Did you know that, according to the American Association of Marriage and Family Therapists, about 98 percent said that they received good therapy and received the help they needed?
That’s not to say that couples therapy will fix the relationship. Sometimes, therapy is a way of working through your issues and finding out that it’s best to go your own ways. However, couples therapy can help save your relationship in many cases as well.
In either case, working to make both individuals happy no matter the outcome is a good place to start. Keep reading to learn more about couples counseling.
Signs You Should Go To Couples Therapy
There is no perfect checklist to determine when to head to couples therapy. However, you know your relationship and partner best. If you’ve noticed issues or changes in your relationship you should at least broach the subject with your partner.
Feeling overwhelmed, lost, angry, or otherwise more emotional than usual when interacting with your partner is a good sign. So is constant fighting, though that is not necessary to recognize that you both need to work on your relationship.
In fact, many couples decide to go to couples counseling because they want to be proactive. By learning couples therapy exercises before issues arise, couples can strengthen their relationship before issues occur.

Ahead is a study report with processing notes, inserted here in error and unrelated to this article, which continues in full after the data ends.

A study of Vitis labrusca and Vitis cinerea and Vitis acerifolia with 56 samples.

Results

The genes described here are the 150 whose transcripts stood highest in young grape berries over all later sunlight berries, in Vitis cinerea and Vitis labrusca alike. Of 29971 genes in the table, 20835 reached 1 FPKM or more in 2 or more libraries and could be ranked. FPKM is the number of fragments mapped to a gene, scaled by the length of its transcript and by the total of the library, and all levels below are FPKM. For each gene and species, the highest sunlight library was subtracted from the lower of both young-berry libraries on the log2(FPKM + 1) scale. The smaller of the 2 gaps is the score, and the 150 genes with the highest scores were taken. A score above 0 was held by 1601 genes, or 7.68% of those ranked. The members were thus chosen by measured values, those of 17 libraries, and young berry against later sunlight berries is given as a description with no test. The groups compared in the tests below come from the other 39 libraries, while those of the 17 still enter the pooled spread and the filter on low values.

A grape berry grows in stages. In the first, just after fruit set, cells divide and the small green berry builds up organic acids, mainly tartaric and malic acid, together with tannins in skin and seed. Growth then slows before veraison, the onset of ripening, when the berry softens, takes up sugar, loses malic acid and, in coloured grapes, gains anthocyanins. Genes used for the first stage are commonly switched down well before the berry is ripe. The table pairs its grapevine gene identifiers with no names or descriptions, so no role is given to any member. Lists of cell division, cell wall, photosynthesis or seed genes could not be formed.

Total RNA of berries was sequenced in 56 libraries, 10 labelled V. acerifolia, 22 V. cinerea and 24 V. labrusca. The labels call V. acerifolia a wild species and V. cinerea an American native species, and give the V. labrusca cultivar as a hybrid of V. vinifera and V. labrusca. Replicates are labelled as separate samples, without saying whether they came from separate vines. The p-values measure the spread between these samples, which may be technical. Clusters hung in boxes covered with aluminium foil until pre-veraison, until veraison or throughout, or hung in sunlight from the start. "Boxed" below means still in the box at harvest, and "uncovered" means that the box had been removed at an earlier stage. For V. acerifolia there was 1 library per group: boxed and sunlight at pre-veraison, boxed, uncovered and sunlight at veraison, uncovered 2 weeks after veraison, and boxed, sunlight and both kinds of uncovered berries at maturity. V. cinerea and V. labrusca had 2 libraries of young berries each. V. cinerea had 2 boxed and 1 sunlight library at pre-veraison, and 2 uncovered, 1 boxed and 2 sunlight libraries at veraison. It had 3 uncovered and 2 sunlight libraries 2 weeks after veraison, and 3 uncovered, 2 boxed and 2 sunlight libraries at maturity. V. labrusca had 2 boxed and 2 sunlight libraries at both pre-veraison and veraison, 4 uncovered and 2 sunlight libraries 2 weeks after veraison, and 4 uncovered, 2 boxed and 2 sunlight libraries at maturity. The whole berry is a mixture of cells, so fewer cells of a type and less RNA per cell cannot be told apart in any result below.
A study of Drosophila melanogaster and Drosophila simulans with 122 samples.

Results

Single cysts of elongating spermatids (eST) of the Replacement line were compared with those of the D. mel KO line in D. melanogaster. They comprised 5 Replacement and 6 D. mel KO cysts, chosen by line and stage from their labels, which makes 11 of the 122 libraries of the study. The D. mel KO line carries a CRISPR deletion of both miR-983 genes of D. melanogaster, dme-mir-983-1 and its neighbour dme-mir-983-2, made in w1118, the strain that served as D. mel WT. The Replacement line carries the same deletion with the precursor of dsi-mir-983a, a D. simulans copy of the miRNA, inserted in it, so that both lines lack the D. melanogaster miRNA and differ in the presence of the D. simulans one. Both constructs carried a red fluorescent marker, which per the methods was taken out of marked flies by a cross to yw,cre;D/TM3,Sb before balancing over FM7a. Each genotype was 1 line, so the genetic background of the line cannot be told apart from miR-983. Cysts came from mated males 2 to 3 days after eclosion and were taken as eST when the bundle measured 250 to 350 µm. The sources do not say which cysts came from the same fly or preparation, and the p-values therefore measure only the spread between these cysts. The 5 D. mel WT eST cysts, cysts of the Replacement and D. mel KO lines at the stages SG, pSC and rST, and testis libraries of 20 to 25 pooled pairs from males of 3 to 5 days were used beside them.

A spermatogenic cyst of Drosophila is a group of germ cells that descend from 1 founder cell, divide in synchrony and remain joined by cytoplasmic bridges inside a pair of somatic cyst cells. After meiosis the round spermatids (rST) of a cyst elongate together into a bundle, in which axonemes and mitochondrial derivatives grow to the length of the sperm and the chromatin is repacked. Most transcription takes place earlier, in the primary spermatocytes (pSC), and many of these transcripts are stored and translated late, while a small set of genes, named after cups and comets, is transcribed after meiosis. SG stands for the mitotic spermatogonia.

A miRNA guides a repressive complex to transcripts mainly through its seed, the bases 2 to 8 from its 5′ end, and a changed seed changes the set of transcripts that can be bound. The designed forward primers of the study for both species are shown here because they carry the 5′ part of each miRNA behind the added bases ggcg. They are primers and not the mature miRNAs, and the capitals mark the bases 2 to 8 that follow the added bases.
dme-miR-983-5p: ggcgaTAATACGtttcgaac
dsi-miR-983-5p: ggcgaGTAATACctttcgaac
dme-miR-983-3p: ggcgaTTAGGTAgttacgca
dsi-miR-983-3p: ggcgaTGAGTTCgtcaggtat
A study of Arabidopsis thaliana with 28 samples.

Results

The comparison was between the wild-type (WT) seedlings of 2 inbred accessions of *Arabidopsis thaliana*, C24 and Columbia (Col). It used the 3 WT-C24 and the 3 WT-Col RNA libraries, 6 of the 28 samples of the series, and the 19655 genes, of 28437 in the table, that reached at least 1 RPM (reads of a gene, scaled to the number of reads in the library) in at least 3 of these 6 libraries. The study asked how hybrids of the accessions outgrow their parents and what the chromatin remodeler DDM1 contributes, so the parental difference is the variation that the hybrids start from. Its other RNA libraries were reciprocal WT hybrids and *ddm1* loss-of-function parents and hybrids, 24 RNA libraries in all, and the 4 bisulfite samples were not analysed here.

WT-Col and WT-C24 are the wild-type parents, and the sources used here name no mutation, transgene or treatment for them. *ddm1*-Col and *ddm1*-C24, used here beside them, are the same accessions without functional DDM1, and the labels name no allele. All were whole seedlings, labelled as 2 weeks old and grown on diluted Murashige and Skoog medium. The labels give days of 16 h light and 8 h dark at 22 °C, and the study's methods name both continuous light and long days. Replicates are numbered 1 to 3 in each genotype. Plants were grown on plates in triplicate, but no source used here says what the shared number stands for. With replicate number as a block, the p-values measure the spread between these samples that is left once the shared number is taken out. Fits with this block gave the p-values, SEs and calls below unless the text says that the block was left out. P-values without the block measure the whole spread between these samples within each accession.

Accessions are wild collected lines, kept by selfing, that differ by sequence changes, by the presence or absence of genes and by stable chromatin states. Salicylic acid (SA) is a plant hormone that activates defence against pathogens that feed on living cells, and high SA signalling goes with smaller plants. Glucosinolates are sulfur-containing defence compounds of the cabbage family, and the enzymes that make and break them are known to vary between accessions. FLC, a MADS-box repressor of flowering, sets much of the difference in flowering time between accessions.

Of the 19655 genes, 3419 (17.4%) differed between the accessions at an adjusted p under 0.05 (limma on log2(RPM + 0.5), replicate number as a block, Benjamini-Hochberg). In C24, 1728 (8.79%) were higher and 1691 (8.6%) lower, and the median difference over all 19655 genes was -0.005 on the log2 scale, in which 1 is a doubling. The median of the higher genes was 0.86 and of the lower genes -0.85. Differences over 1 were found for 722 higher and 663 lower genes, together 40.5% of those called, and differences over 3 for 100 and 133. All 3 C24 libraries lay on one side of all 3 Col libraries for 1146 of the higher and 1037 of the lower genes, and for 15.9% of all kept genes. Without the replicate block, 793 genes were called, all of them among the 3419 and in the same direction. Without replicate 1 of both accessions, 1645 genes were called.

What To Expect From Couples Therapy
While most people have a classic vision of two people on a couch facing a therapist, COVID-19 has made online couples therapy more common. Robin Bryant PhD is a leading couples therapist in New York City who offers virtual sessions to all of her patients. Therapy is a process, so you should plan to attend several times over the course of a few weeks or months – if not permanently.
The first few sessions will be simple summary sessions. You will let your therapist know about your relationship and what issues, if any, you are facing. If you have anything specific you want to work through or achieve through therapy, this would be the time to tell your therapist.
The main goal is to get you both communicating with each other. Your therapist will act as a facilitator to the discussion, but won’t offer you direct solutions or opinions. Instead, they will encourage you to think and act differently by asking you questions or giving you exercises to try with your partner outside of therapy.
You will only get out of your session what you put in. Withholding information or otherwise avoiding engaging during the session will make the session less productive for you and your partner.
Book Your Appointment When You Are Both Ready
Before you start frantically searching for “couples therapy near me,” make sure to talk to your partner. Going into couples therapy with an understanding that you both want to be there is the first step. Not even the best therapist in the world can help you if you both aren’t willing to help each other.